Good morning! Today we start our second day in the book of Job with chapters 4-7, and we read the first exchange between Job and his friends. Remember that yesterday, when calamity befell Job, these three friends showed up and sat with him in silence for seven days to console him. However, today “console” turns to “counsel”, and Job’s companion Eliphaz tries to persuade him that a secret sin is the cause for his calamity.
Eliphaz makes his case over two poetic chapters. He first argues that God does not punish the innocent. Sooner or later, those who are wicked get their comeuppance. That’s the form of divine justice and judgment. He describes a vision of a spirit at night which tells him that no human being—no matter how righteous—can second-guess God. Eliphaz then encourages Job to repent of any hidden or overlooked sin which might have led to this hardship. To deny God’s goodness (even in times of punishment) is to join the ranks of scoffers, and surely Job doesn’t want to be there. Instead, he ought to accept his troubles as God’s punishment of some secret sin, acknowledge the correction even if he can’t figure out the sin, and enjoy the blessings that come from serving a just God.
In chapters 6-7, Job will have none of this counsel. He believes what happens to him is God’s doing, but there is no explanation for God’s motives. Job repeats his desire to die, so as to be relieved of the agony that comes when God is not reliably be on the side of the righteous. He charges his friends with treachery, going a certain way with him but not being able to stay with him through the most bewildering parts of his spiritual pain. They are more loyal to their versions of God’s motives than to their friendship with him; they refuse to believe his affidavits of righteousness. The one thing Job refuses to do is surrender his integrity—accepting as true the hypothesis of his guilt, which he believes is false and which Eliphaz has given no proof of anyway. All that Job has is bewildering grief and pain, suffering that goes on without end. His only consolation (now that the companions have started to talk against him) is being able to give voice to his complaints, begging for the silent, ineffable God to respond with an answer or with death.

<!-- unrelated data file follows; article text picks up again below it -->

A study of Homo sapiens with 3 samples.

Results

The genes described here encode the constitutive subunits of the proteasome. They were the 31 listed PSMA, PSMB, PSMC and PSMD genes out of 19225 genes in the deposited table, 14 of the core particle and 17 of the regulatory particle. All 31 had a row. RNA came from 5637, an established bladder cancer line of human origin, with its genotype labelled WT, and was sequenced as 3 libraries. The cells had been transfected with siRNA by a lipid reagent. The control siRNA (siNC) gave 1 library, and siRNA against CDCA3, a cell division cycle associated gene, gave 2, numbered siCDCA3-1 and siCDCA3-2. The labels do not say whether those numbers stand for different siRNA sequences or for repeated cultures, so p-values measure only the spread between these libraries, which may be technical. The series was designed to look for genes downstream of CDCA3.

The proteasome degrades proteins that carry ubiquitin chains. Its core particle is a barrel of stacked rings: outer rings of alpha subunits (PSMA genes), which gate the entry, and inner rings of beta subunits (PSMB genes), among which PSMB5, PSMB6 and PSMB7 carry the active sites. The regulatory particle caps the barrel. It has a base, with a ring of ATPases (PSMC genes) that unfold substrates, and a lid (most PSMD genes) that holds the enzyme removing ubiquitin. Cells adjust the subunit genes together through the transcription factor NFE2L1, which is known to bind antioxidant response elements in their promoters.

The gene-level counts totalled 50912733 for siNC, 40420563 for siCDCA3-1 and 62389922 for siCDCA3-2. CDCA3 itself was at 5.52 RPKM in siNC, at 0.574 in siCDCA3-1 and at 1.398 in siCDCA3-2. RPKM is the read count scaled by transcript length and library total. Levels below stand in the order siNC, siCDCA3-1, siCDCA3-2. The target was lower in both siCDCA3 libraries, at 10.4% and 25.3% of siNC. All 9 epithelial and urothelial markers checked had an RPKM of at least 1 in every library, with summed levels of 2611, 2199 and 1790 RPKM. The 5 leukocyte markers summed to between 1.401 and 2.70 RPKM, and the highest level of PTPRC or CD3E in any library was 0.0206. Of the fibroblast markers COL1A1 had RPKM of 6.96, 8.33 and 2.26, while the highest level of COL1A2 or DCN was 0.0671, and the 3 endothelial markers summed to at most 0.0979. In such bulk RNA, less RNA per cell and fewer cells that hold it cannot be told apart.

My two takeaways from reading this passage are, first, that it’s best to hold my tongue rather than try to argue theology with someone in grief and pain! Job seemed to get some comfort from his friends’ silent presence, but when they start to impose their theological understanding on his experience, they create a gulf of argument between sufferer and consolers. Second, this section (and more to come) reveals the dilemma of believing both that God is in control of everything and that God’s morality functions like our own. If I were forced to choose, I’d rather have God’s reliable goodness rather than God’s all-powerful control. Happy reading!
Please join discussion of this passage at the Daily Bible Facebook group, or comment below. The passage for tomorrow is Job 8-10. Thanks for reading!